The Obligation to Go Out to Work
In Parshat Ekev, Devarim 11:13-22 we read the words that are very familiar to us from the second paragraph of the Shma prayer (Vehaya im Shamoah…).


The paragraph begins with the words: “It will be that if you listen to My commandments that I command you today, to love HaShem your God and to serve Him with all of your heart and with all your soul, then I shall provide rain for your Land in its proper time, the early and late rains, that you may gather in your grain, your wine and your oil.”


In Masechet Brachot 35b, the question is asked why the Torah needs to state the words “and you will gather in your grain.”


Rabbi Yishmael explains that since it says in the book of Yehoshua 1:8, “This book of the Torah shall not depart from your mouth”, some may think that one should only study Torah and not go out to work. Therefore, the Torah had to state: “you shall gather in your grain” to mean that an individual has an obligation to find a means of earning a livelihood in addition to their time set aside for Torah study. He should not devote himself so completely to Torah study that he must rely on Divine intervention to support him miraculously. Rather he should study Torah as much as possible but set aside a portion of his time to be able to support himself and his family.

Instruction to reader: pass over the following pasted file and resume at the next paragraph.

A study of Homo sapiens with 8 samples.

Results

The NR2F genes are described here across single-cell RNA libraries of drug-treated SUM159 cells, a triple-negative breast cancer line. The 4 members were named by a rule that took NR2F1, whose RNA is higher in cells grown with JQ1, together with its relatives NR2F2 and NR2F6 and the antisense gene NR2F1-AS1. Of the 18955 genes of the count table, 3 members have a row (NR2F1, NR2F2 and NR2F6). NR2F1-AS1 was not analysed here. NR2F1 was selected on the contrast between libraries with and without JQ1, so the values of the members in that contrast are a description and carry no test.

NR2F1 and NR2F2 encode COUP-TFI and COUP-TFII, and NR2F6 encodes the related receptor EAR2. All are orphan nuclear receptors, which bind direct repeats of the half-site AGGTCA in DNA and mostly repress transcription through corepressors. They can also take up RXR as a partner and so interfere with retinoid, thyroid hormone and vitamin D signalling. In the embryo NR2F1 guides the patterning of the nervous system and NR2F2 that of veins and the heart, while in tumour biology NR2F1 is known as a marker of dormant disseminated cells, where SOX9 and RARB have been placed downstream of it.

In Yalkut M’Am Loez, The Midrash anthology, we learn that this philosophy follows the teaching from our Rabbis in Pirkei Avot 2:2: “Any Torah that is not accompanied by a livelihood will become void.” If one has no way to support himself, he will eventually have to resort to means which will completely remove him from the study of Torah in order to sustain himself.


Rabbi Shimon Bar Yochai points out in the same Gemara that if we are busy throughout the year with agricultural work such as plowing, sowing, harvesting, threshing and winnowing then we will never have time to study Torah. He therefore concludes that if B’nai Yisrael do the will of God, then their work will be done by others as it says in Yishayahu 61:5 “Strangers will arise and shepherd your flocks.” At that point, B’nai Yisrael can fully focus on Torah study. However, at a time that B’nail Yisrael do not fulfill the will of God, they will have to do their own work and not only that, they will have to work for others as it says in Devarim 28:48 “and you will serve your enemies.”


We see from here that it is necessary to learn a trade which we can balance with Torah study and try to fulfill as many mitzvot as possible so that we can eventually reach the ideal and be blessed with others “shepherding our flocks” so that we will have more time to devote to Torah study.